What are the three most important ingredients of a successful project? Planning, planning, planning. For our datacenter makeover at the University of Hawaii's School of Ocean and Earth Science and Technology, we planned early and often, and still got bit by last-minute surprises and devilish details that cost us time and money. We'll do it a little different next time. You too can learn from our mistakes.
Our little room in the Hawaii Institute of Geophysics, HIG 319, was no stranger to servers, though it only had a casual acquaintance with them. When we started the project, the room had six racks installed, one with an 80kW APC InfraStruXure UPS being used at 40kW capacity, and most of the rest of the racks only partially populated with servers for the various SOEST departments.
SOEST needed the new datacenter to house a number of new server clusters for use by the research labs. An initial estimate would add three clusters comprised of a mix of traditional servers and blade servers housed in new racks. Managing this upgrade would require doubling HIG 319's square footage, adding an additional 250 amps of electrical power on a new breaker panel, and completely revamping the cooling system, which at the beginning of the project consisted of three wall-mounted window-style air conditioners that were already giving their all, to little effect.
Although HIG 319 had some drawbacks in terms of location, the tight deadline precluded any more political wrangling for a more favorable position on the building's ground floor, which was occupied by several research labs. Besides, the maintenance corridor directly behind the room was a welcome advantage, and the room directly next to HIG 319 was a little-used storage room exactly the same size. Combining the rooms would give us the square footage we needed. We drew a deep breath and took the plunge.
Lesson 1: Give your physical space a good physical
A basic task list was fleshed out in February of 2007 and work began immediately, temporarily moving HIG 319's existing servers, removing whatever artifacts were being stored in HIG 319a, knocking down the wall separating the two rooms, and gutting everything else. A sexy new tile floor had been installed, the walls painted, and new lighting wired up when the campus facilities management department threw us the first curve ball.
Because the SOEST building is almost 50 years old, it's standard UH practice to have a structural engineer vet the room before anything as heavy as a new datacenter is installed -- we just didn't find out about that little detail until it was too late to go anywhere else. Further, because the building's original structural records had long since disappeared into Hawaii's tropical ether, the engineer had to start from scratch with his calculations.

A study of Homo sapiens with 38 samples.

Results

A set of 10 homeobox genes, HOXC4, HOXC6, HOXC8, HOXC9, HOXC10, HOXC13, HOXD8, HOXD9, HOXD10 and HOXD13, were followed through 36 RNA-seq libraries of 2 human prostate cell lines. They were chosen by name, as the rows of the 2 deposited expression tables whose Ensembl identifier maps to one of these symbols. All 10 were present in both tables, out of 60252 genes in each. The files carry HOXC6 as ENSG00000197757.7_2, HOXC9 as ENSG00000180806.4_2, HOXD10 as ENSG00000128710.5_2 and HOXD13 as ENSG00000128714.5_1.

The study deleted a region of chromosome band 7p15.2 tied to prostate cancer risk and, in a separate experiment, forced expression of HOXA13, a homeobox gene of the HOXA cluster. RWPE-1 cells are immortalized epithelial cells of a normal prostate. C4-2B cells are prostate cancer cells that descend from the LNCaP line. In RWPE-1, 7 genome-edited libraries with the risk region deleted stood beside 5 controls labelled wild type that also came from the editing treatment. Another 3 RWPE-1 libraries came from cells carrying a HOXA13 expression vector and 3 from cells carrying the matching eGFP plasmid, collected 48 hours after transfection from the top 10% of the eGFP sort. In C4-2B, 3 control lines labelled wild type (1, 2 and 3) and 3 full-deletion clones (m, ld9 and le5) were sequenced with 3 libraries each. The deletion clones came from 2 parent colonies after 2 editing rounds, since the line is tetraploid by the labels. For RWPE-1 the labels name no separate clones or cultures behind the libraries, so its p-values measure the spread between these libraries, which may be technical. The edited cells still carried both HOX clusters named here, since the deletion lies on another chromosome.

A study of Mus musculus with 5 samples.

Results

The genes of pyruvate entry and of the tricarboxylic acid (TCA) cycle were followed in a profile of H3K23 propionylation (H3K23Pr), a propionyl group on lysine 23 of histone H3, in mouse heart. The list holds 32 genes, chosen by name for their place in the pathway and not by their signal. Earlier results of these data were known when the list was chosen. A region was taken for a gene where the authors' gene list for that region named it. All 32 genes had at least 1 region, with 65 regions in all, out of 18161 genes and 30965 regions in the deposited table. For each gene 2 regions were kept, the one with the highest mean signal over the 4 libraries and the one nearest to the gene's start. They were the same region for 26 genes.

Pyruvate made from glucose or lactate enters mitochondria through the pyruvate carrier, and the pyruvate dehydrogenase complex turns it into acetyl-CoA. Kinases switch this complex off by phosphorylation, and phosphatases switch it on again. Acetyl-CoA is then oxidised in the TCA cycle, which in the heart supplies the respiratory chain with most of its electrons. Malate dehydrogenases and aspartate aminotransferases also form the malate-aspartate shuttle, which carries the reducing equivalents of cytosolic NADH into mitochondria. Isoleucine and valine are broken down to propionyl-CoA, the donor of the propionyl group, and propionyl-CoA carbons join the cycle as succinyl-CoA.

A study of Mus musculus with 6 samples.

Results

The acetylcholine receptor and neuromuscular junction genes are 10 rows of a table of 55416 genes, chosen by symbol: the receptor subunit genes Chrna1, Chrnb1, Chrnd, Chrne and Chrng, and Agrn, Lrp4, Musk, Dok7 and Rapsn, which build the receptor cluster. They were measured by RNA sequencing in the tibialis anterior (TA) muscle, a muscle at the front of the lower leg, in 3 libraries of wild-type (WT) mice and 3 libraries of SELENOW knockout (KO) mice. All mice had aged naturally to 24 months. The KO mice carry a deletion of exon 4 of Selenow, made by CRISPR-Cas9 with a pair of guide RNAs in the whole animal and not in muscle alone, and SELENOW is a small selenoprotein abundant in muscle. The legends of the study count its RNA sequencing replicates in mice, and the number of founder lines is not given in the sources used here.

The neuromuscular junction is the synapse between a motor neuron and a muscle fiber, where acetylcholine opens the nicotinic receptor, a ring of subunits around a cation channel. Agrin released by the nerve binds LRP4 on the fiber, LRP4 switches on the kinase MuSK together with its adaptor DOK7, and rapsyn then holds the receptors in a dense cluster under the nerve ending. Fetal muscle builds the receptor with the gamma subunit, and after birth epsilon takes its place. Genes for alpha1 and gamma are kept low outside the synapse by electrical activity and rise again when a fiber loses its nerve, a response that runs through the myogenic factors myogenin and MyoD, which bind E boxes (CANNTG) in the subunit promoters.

This effectively paralysed the project for a solid month, since nothing could happen until the engineer rendered his verdict. Four weeks later the engineer announced the floor stable...barely. While the two rooms could house a datacenter, it would have to be a lightweight datacenter because most of the racks would be limited to an 800-pound maximum load, the few exceptions being certain areas over the support beams. That was a nasty kick in the nethers, given that a fully loaded cluster-running rack can weigh as much as 2000 pounds and we had planned on using six of the 12 racks in the new datacenter for Beowulf clusters. Strike one -- back to the drawing board.
A flurry of tropical meetings later and we had what looked like an effective workaround. The four server clusters would move to another location, while the HIG datacenter would now house departmental servers from the various SOEST departments in 12 APC InfraStruXure racks. This would effectively make HIG 319 the central datacenter for all these departments while freeing up space for the clusters at the other locations. Not an optimal solution, but a necessary move if the college intended to install the new server clusters it wanted.